The art of negotiation

Tue 16th Oct 2018

It could be said that negotiation is more of an art than a science as we have seen very recently with the Brexit negotiations. If negotiation was a science, the UK Government (or the EU) would already have a deal they are happy with, which is not currently the case. So what are the main issues to tackle when dealing with the art of negotiation?


The old adage still rings true and is fundamental when entering any negotiation. The key to a successful negotiation is preparation. Start by asking yourself what you want to achieve and why, what the alternatives might be, and what would happen if the outcome was ‘no deal’ or you simply walked away. The other parties underlying reasons for negotiation, may not be immediately apparent at start of the negotiation (or in my experience, sometimes even at the end of the negotiation process!). 

It is also important to understand who you are negotiating with. Try and put yourself in their shoes and consider what their individual aims and objectives are. This will then allow you to put strategies in place to align your interests and get the deal done. 

On the basis that you have done your homework thoroughly, you can try and draw out the other side’s drivers and deal with these issues in an open and honest manner in order to strike a deal.


Negotiators and their strategies take all shapes and forms, here are three simple categories:

  • Aggressive negotiators. They see negotiation as a win or lose scenario. They tend to begin with a high or low starting position, and could possibly come across as bullies. Aggressive negotiators can be ok for one-off deals, but tend to be unsuitable for long-term business relationships.
  • Friendly negotiators tend to have a more realistic starting position. They can offer a collaborative approach that solves challenges and engineers the best win-win deal for all parties. They tend to be a better choice for forging long-term relationships
  • The third category is chameleons. Chameleons are complex characters that come across friendly, but are doing so manipulatively to engineer the best outcome for themselves. Watch out for mind tricks, and think twice about forming a long-term relationship with them.

In the majority of cases, it is best to aim for a win-win outcome, where both parties have acquired something that is of value to them.

To achieve this, it is essential to enter into any negotiation knowing exactly what your starting position (which will generally be your best case scenario) and your “bottom line” position (the worst outcome that you are willing to accept) are and at what point you would walk away.


The aim is to stay in control of the negotiation, but that doesn’t necessarily mean dominating the room. It is important to maintain the strength of your position backed up by evidence and facts, but you must also be prepared to give away a few concessions to get the deal done. Sometimes you may find that you have something that the other side values more than you do, which is why it is important to probe the issues to see what reactions you can illicit from the other side.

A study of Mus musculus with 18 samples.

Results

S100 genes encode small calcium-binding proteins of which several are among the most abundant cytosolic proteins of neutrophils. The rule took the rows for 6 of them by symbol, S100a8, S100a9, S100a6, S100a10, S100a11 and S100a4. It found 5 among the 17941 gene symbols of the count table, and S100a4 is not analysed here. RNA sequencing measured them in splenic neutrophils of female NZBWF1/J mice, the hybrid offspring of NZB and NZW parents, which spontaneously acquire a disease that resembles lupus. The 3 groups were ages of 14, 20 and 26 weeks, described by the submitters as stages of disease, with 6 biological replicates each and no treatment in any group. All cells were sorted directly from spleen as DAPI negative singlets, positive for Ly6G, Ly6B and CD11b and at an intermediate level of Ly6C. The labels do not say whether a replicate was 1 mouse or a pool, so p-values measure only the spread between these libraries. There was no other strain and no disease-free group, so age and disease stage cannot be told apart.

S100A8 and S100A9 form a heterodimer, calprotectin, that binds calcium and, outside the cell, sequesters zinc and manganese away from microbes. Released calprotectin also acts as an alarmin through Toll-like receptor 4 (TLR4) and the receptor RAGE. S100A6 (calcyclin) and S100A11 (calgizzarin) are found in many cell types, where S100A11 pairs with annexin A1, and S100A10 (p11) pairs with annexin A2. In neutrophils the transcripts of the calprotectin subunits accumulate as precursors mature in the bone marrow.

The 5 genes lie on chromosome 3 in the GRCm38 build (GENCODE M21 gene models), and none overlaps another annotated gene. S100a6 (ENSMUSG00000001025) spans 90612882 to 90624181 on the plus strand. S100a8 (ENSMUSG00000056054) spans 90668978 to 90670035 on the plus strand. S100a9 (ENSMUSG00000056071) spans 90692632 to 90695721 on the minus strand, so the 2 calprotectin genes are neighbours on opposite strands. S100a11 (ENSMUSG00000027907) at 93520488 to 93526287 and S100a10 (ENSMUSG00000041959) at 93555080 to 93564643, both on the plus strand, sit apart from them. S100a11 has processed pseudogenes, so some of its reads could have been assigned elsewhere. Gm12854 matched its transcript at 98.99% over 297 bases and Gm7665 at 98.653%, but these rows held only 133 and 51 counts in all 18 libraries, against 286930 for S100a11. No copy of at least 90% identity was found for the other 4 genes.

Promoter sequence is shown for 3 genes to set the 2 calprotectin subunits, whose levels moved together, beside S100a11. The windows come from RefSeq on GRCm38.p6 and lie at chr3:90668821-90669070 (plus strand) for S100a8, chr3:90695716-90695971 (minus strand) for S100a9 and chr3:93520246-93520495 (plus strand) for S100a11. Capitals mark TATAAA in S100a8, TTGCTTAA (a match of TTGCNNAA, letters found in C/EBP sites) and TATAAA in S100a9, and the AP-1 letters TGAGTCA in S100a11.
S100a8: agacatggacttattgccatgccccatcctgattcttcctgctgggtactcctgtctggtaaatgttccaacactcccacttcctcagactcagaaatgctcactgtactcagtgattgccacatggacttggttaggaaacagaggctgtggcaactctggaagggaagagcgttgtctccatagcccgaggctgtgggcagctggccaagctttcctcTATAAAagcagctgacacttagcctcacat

Useful tactics include:

  • Being direct and positive and sticking to “we need”, “we want” and “we insist” rather than “we would like” and “we hope”.
  • Backing up your position with tangible evidence;
  • Staying silent when the opponent is making concessions.
  • In need of some time to think? Throw a curve ball to change the pace or direction of the conversation.
  • Not accepting deadlines that try to force you into making decisions.
  • Avoiding suggesting “we’ve had a better offer from someone else”. It may work to your advantage, but it could also end the negotiation prematurely.


Throughout the negotiation, pay close attention to body language – both your own and that of the opposition s it can play a vital role. When trying to influence others think about the way you present yourself and how you speak. Psychologists tend to refer to the Rule of Personal Communication when analysing both verbal and non-verbal communication which claims that body language accounts for 55%, pitch of voice accounts for 38%, and words only 7%.

The ideal body language projects confidence and control, and this can be achieved by spreading out, looking alert, maintaining eye contact, and smiling whether you mean it or not. Keep a close eye on your opponent’s body language as well.


Once the deal is done at the end of the negotiation process, write down what was agreed and sign it, to (hopefully) avoid further rounds of negotiation later.

Re-negotiations can take place further down the line but as there is an agreement already in place, all parties tend to only seek re-negotiations when the deal is not working for them. This could be due to certain trigger events such as increasing costs of resources or supply chains. It is beneficial to include in the final agreement, the means to renegotiate on these certain events so that both the deal and the relationship are sustainable for all parties.